Yesterday, Kat’s prompt asked, “What are the stories that limit you?” and “Who would you be without that story?” This is a theme that keeps coming up for me, the ways in which I am writing my own experience, constructing my own reality, and how sometimes what I’m telling myself just isn’t true.
For example, I used to tell myself I wasn’t a “real” writer. Working in the academy fueled that story, a place where only certain genres are “allowed,” where the first question you are asked when you say you are a writer is “where have you published?” and believe me, there’s a list of the “right” places. I used to think a community like this had to grant me membership before I could live the life of a writer, that I’d experience it according to their rulebook. I’ve since learned that’s not the case. For me, writing is a practice, a full-time gig whether I get paid for it or not, whether or not I get published or read. It is who I am. Writing is like oxygen for me, and as far as I know, no one has ever needed to get permission to breathe.
Another place I used to wait for permission is around yoga, specifically teaching. I thought that yoga teachers needed to be Prana models, no body fat and able to do poses like Scorpion with little effort. I saw them as masters of their bodies, and as a dis-ordered eater who spends way too much time inside her own head, I barely had a connection with mine. I bully it, push it past its limits, don’t give it the rest or movement or care it needs, don’t listen. And yet, instead of starting when I was perfect, waiting to earn the right to be “like them,” I went into yoga teacher training as if I were a total beginner, humble and ready to learn, in worse physical shape than I had been in years, and now, at the end, I’m healthier, saner, and more embodied. I am able to teach exactly because I have struggled, suffered.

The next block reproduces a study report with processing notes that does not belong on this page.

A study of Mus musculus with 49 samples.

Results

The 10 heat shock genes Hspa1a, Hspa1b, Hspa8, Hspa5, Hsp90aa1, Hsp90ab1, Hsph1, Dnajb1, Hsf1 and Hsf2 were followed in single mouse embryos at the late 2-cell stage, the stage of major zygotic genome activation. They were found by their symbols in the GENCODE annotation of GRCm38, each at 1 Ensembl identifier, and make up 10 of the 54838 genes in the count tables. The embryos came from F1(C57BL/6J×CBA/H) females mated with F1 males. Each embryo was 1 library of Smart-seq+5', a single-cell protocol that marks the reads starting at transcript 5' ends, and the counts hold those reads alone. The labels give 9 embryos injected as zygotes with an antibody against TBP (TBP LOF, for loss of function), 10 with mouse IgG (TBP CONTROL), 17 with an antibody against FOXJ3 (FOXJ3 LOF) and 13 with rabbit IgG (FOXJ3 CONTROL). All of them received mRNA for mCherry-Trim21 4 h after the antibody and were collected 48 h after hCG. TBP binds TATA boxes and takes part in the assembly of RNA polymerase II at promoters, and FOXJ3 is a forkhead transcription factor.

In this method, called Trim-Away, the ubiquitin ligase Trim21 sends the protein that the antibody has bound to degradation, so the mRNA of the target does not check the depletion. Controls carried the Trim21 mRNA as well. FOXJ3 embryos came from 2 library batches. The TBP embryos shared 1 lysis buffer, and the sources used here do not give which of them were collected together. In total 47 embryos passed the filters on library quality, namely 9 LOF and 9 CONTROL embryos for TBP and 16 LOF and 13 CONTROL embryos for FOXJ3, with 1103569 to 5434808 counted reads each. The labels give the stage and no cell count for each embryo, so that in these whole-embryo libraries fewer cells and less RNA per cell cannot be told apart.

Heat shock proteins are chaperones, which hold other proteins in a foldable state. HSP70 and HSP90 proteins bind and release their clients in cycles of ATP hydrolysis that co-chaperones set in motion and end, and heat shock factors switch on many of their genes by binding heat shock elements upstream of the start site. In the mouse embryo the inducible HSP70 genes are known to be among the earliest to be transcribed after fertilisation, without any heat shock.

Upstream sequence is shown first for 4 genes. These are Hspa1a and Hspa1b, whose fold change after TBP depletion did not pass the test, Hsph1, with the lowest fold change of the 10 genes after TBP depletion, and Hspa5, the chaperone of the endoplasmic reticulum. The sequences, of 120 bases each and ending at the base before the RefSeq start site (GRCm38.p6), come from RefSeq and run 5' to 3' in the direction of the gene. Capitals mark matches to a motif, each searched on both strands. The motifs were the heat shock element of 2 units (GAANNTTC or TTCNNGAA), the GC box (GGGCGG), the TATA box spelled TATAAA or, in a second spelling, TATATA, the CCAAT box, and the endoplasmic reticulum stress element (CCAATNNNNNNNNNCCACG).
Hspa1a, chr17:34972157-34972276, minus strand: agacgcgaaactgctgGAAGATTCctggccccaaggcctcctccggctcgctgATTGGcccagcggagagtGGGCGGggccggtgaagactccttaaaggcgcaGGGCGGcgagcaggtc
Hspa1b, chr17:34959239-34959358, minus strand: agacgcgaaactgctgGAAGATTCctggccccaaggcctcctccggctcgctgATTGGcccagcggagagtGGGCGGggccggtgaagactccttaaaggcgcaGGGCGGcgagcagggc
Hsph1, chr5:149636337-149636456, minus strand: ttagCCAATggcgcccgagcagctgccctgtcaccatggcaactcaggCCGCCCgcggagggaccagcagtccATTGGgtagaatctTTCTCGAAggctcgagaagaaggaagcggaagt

I’m encountering the same now with Ringo. The story is that I don’t do enough, don’t know what I’m doing, have “ruined” my dogs, that any bad behavior is a direct result of my action or inaction. I compare myself not to others with full, busy lives who are doing their best, but instead I measure myself against expert, experienced dog trainers.
The common thread throughout these stories is I’m not good enough, need to try harder, do more. How I qualify “good” is to measure myself against longtime, skilled practitioners. Writer? I must be like Margaret Atwood. Yoga teacher? I must be Amy Ippoliti. Dog person? I must be Susan Garrett. To measure myself this way means that no matter how hard I work, no matter what my success, I have still failed, fallen short. The story I tell myself is that I need to earn love, earn the right to be here, earn the right to exist and be happy.
Who would I be without this story? I’d be more rested, healthier, more at ease, calm, more content. I’d be able to celebrate my good work, honor my hunger. My experience would be so much better, even as my productivity dropped.
That’s why compassion, along with courage, are vital: they give us the resources to be genuine about where we are, but at the same time to know that we are always in transition, that the only time is now, and that the future is completely unpredictable and open. ~Pema Chödrön
May we all go more gently, be kinder to ourselves, stop making our lives one project after another. May we truly balance our effort with our ease.